On Being Inclusive to All
In my last post, I shared how using blanket statements like “inclusive” and “safe” to describe our brands can do more harm than good. An alternative can be subtle, like shifting from saying “inclusive” to “more inclusive.”
A lot of folks in the wedding industry share well-meaning sentiments like, “all are included and welcome here” or we’re “inclusive to all!” I’ve learned in community with @EricaCourdae that “If you’re including everyone, you’re not including anyone.”
Erica shares that you can’t make anything more inclusive or diverse unless it’s safer to do so. But before we can get to the place to evaluate safety, we need to define our values and see how they show up in action.
In The Art of Online Business’ podcast episode, “How to Create a More Inclusive Business,” Erica explains, “If I say having these people included matters…why? Who is being included? Do they feel included or did you decide that they feel included?…If I use a word that is unfortunately overused and can be a buzzword [inclusive], what does it actually mean when I use it?”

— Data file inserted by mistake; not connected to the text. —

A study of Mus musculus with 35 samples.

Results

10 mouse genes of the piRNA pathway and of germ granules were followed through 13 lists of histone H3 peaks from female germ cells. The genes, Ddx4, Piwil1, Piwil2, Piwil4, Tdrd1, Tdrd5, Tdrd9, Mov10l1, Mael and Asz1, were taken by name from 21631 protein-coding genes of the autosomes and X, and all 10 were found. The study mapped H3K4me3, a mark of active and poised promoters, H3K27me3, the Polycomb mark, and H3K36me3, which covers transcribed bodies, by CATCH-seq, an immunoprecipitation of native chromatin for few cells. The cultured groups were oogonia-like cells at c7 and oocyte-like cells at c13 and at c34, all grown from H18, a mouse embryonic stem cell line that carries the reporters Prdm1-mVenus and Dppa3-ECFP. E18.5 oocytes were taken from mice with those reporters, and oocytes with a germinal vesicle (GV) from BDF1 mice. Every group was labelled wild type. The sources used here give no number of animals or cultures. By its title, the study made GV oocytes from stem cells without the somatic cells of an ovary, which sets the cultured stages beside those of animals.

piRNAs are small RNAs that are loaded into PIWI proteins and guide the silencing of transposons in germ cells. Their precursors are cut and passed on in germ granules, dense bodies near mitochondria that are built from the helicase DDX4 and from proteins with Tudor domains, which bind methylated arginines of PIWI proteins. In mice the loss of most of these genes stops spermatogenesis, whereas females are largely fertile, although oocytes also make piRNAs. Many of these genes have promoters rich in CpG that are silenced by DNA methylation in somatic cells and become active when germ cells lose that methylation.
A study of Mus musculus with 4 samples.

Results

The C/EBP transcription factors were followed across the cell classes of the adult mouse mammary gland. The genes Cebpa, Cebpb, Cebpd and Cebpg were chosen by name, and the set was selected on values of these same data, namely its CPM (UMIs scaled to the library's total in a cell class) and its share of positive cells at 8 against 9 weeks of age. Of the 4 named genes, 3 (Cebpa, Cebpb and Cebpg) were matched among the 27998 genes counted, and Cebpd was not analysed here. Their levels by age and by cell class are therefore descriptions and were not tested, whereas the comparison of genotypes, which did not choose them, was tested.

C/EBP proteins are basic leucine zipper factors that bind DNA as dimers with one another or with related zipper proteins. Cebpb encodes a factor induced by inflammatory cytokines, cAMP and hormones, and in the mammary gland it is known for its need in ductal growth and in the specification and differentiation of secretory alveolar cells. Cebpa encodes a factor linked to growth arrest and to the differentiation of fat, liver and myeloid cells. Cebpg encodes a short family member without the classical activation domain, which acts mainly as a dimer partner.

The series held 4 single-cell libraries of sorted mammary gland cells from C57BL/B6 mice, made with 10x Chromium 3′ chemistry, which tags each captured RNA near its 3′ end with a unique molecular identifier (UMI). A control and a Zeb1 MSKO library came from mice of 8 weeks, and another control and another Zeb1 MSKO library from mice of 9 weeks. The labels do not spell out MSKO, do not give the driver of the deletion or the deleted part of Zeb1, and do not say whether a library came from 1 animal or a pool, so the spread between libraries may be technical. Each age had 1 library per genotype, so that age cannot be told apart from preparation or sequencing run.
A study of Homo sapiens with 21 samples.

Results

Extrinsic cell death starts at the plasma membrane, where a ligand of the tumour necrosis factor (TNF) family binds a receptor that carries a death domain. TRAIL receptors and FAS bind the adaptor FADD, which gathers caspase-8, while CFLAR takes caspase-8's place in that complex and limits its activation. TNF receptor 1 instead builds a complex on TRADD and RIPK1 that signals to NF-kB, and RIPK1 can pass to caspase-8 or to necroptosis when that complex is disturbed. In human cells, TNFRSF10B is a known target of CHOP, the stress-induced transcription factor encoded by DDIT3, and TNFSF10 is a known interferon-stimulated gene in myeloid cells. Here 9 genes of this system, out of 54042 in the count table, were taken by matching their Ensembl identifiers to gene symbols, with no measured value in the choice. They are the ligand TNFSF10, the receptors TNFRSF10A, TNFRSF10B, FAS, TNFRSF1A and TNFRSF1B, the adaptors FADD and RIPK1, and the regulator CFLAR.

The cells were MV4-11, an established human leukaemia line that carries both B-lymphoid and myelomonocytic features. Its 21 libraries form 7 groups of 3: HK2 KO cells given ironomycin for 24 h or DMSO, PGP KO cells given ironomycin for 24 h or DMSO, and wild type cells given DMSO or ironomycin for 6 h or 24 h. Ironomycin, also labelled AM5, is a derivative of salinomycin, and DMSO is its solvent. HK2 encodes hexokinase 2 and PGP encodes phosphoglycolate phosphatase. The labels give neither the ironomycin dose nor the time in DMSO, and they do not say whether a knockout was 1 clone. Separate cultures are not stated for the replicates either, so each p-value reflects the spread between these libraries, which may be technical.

An example of this would be how the NFL recently promoted featuring deaf performers and ASL interpreters for the Super Bowl’s halftime show for the first time ever. When it aired, they didn’t actually showcase them. Instead, they created an unnecessary roadblock to access by requiring viewers to download an app to watch them perform separately.
Was this year’s Super Bowl more accessible and inclusive than last year? Technically, yes. Was it inclusive and accessible? No. For many, it actually did more harm than good, since the deaf performers were essentially used performatively as stage props for inclusivity.
So, how do we identify what inclusivity even means for our brands? Something as seemingly simple as having our values listed on our website can be incredibly impactful.
Their class was a game-changer for me to figure out what matters most to me, who I want to feel included, and what direct actions I can take to get there (imperfectly).